Asclepias stenophylla    Gray

Narrow-leaved Milkweed 


MN Status:
endangered
Federal Status:
none
CITES:
none
USFS:
none

Group:
vascular plant
Class:
Dicotyledoneae
Order:
Gentianales
Family:
Asclepiadaceae
Life Form:
forb
Longevity:
perennial
Leaf Duration:
deciduous
Water Regime:
terrestrial
Soils:
sand, rock
Light:
full sun
Habitats:

(Mouse over a habitat for definition)


Best time to see:

  Foliage   Flower   Fruit  
Jan spacer
spacer
spacer spacer
spacer
spacer spacer
spacer
spacer
Feb spacer
spacer
spacer spacer
spacer
spacer spacer
spacer
spacer
Mar spacer
spacer
spacer spacer
spacer
spacer spacer
spacer
spacer
Apr spacer
spacer
spacer spacer
spacer
spacer spacer
spacer
spacer
May spacer
spacer
spacer spacer
spacer
spacer spacer
spacer
spacer
Jun spacer
spacer
spacer spacer
spacer
spacer spacer
spacer
spacer
Jul spacer
spacer
spacer spacer
spacer
spacer spacer
spacer
spacer
Aug spacer
spacer
spacer spacer
spacer
spacer spacer
spacer
spacer
Sep spacer
spacer
spacer spacer
spacer
spacer spacer
spacer
spacer
Oct spacer
spacer
spacer spacer
spacer
spacer spacer
spacer
spacer
Nov spacer
spacer
spacer spacer
spacer
spacer spacer
spacer
spacer
Dec spacer
spacer
spacer spacer
spacer
spacer spacer
spacer
spacer

Asclepias stenophylla Asclepias stenophylla

Click to enlarge


Map Interpretation

Map Interpretation

  Synonyms

  Basis for Listing

Asclepias stenophylla is characteristic of dry hill prairies in the Lower Great Plains region. It was not known to occur in Minnesota until 1978 when a single population was discovered near Hokah in Houston County. The Minnesota population is relatively small, and separated by about 500 km (311 mi.) from the main range of the species. It is believed that A. stenophylla originated in the western Ozarks and spread into the plains states where it was already adapted to a somewhat dry habitat. If it is true that this species is in the process of migrating from its ancestral home, the population in Houston County is not a remnant of former populations but the result of long-range dispersion. Such pioneering populations are of special biological significance and are believed to play an important role in the development of unique species. Asclepias stenophylla was listed as an endangered species in Minnesota in 1984.

  Description

Asclepias stenophylla is one of a few milkweeds in the region with thin leaves and white to greenish flowers. It may be distinguished from other Asclepias species by its opposite, widely spaced leaves and its large, short-stalked flowers that have hoods with an internal crest ending in a tiny horn (Great Plains Flora Association 1986; Larson and Johnson 1999).

  Habitat

The Minnesota population of A. stenophylla population occurs in gravelly soil near the base of a southwest-facing hill prairie. This habitat is very similar to the limestone glades and hill prairies that the species occupies in the main part of its range.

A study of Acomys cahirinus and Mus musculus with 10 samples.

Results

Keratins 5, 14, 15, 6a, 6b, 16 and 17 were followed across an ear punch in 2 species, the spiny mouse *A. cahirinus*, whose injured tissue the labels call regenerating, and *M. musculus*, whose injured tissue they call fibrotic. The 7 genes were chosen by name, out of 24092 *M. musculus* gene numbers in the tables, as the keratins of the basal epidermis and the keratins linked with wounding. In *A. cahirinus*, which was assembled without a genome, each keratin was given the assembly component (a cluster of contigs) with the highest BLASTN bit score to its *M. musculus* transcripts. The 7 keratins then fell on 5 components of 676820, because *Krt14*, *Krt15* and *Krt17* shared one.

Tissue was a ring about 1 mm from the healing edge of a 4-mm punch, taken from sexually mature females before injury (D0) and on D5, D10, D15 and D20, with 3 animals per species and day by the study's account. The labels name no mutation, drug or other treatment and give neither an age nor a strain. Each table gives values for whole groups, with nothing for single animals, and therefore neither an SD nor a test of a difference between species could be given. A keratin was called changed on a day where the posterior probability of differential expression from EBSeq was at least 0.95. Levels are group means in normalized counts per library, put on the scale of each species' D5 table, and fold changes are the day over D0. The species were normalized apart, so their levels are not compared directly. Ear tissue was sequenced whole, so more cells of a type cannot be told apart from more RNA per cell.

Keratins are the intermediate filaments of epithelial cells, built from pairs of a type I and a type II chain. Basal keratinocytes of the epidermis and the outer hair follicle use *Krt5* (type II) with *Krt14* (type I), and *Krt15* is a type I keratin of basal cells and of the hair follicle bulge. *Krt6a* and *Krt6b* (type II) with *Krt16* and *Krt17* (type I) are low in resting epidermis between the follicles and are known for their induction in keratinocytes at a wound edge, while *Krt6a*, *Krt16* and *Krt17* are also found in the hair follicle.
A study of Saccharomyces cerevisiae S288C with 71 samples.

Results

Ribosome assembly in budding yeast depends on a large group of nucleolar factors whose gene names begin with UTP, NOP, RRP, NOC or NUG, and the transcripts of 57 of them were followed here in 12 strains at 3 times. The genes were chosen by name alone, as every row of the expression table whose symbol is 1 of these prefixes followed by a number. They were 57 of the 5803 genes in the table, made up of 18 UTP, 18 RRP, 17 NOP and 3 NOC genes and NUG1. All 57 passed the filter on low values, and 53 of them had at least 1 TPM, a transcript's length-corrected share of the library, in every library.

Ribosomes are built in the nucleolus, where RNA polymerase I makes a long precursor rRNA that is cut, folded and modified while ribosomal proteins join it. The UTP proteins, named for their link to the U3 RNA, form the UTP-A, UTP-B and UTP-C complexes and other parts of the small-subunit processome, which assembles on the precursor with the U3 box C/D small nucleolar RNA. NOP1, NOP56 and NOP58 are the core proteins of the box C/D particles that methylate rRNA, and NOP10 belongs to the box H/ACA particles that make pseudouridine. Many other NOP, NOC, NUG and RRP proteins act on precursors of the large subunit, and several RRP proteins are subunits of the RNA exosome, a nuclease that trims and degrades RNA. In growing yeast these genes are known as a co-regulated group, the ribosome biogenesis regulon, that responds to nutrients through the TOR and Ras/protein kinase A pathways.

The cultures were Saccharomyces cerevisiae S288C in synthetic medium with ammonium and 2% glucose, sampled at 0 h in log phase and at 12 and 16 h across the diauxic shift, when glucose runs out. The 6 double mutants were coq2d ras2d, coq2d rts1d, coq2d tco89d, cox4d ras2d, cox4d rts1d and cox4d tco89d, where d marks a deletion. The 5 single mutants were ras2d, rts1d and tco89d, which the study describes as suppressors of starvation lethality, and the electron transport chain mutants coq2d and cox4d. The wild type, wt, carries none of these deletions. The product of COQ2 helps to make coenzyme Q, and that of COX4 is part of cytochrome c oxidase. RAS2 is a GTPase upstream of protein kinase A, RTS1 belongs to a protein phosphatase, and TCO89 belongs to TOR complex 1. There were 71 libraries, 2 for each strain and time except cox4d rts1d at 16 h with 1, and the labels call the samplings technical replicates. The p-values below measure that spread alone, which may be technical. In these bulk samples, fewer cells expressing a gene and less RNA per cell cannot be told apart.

Biology / Life History

Asclepias stenophylla is an herbaceous perennial that reproduces only by seed. Milkweeds in general have a large array of pollinators including bees, wasps, butterflies, moths, skippers, beetles, and birds. Each seedpod produces numerous seeds with a tuft of tan hairs that facilitate wind dispersal.

The best time to search for A. stenophylla is during flowering from June through August.

  Conservation / Management

Habitat loss is a major concern with all prairie species. Threats to this habitat include woodland encroachment, invasion by noxious weeds such as Euphorbia esula (leafy spurge), and human activities such as road construction, agriculture, housing development, and off-road vehicles. Fire suppression poses a threat as it allows the natural progression from grassland to woodland. Protection of suitable habitat is essential. It is equally important that adjacent buffer lands be protected so as to restrict herbicide drift, support pollinators, and ease management of prescribed fire. A regimen of dormant-season prescribed fire at intervals of 2-5 years should be considered so as to maintain the open grassland habitat preferred by A. stenophylla. Population monitoring is advised. Such monitoring may include a population census, habitat changes and trends, status of non-native invasive species, and encroachment of human activities from adjacent lands. All noxious weed infestations should be identified and destroyed quickly, but herbicides should be used very carefully, if at all.

  Conservation Efforts in Minnesota

The only known site of A. stenophylla in Minnesota is currently protected in a state Scientific and Natural Area.

  References

Great Plains Flora Association. 1986. Flora of the Great Plains. University Press of Kansas, Lawrence, Kansas. 1,402 pp.

Larson, G. E. and J. R. Johnson. 1999. Plants of the Black Hills and Bear Lodge Mountains. South Dakota State University, Brookings, South Dakota. 608 pp.